Worst security snafus of 2012

By , Network World |  Security

" Twitter sent notices of an attempted hijacking to China-based foreign journalist and analysts just hours before apologizing for resetting the passwords of more users than necessary in a recent break-in of accounts. Twitter provided no details on the hacking but some, including Voice of America, speculated it may have been a censorship crackdown associated with China's Communist Party.

" Until it made changes that were needed to fix the problem, Skype temporarily disabled the account password reset option on its website after reports surfaced that this feature can be abuse to hijack Skype accounts if the attackers know the email addresses associated with them.

" NASA disclosed how a stolen laptop taken Oct. 31 from a locked car contained "personally identifiable information" on a large number of NASA employees. Although password-protected, the laptop didn't have whole-disk encryption, according to the email to NASA employees from Associate Deputy Administrator Richard Keegan, who gave orders to ramp up disk encryption at once.

" The hactivist collective Anonymous inserted its own online firepower into the raging battle between Hamas in Gaza and Israel, which traded rocket bombardments for several days prior to a cease fire. Coming out on the side of what it said were the "innocent people of Gaza," Anonymous started its so-called "Operation Israel" campaign by organizing attacks on Israel Defense Forces, the Prime Minister's Office, Israeli banks, airlines, media outlets and security companies.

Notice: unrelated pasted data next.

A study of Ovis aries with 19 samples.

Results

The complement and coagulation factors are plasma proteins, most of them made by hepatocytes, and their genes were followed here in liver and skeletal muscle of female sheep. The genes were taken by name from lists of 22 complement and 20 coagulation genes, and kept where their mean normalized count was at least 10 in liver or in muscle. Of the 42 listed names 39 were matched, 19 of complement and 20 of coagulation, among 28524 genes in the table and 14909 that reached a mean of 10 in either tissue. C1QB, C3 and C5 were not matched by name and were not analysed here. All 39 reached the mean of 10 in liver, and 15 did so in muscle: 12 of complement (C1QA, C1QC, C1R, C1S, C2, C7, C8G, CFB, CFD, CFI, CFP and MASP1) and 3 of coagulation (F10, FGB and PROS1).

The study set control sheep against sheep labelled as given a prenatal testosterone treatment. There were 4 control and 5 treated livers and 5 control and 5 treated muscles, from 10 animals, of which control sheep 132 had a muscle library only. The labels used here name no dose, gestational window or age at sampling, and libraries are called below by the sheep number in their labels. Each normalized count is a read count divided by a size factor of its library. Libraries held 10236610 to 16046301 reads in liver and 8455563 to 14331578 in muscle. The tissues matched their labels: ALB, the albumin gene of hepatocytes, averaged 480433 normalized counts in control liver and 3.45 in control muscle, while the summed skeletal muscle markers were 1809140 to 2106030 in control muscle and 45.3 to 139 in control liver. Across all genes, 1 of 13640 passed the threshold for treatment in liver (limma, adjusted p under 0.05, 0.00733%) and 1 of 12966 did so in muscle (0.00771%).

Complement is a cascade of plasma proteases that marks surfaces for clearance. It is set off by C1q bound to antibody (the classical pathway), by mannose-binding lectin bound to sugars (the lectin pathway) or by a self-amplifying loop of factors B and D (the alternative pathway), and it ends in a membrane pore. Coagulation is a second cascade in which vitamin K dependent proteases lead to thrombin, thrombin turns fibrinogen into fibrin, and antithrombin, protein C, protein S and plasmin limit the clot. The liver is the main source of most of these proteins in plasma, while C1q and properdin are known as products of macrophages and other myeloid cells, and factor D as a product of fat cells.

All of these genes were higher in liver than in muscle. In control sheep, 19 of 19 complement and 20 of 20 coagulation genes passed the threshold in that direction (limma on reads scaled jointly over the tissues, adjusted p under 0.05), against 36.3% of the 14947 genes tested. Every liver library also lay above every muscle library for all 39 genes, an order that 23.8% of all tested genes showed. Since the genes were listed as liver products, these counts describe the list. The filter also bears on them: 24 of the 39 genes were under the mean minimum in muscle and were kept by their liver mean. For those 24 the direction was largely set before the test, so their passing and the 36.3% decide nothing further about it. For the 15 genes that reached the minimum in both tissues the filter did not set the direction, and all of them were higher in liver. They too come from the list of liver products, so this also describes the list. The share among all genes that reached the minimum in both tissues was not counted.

" Hackers compromised two servers used by the FreeBSD Project to build third-party software packages, and the project's team warned that anyone who has installed such packages since Sept. 19 should completely reinstall their machines.

" E-commerce giant eBay fixed two vulnerabilities in its U.S. website, a critical SQL injection hole that gave potential attackers unauthorized read and write access to one of the company's databases, and a cross-site scripting vulnerability that could have been exploited to steal other eBay users' access credentials.

" Criminals managed to hack the DNS records of an unknown number of GoDaddy-hosted websites, inserting ransomware and hacking the DNS records of the site. GoDaddy said its own DNS management systems were not compromised and said the attacks were likely caused by phishing attacks on the victims or other exploits and recommended U.S. and Canada-based customers "enable 2-Step Authentication to help protect their accounts."


Originally published on Network World |  Click here to read the original story.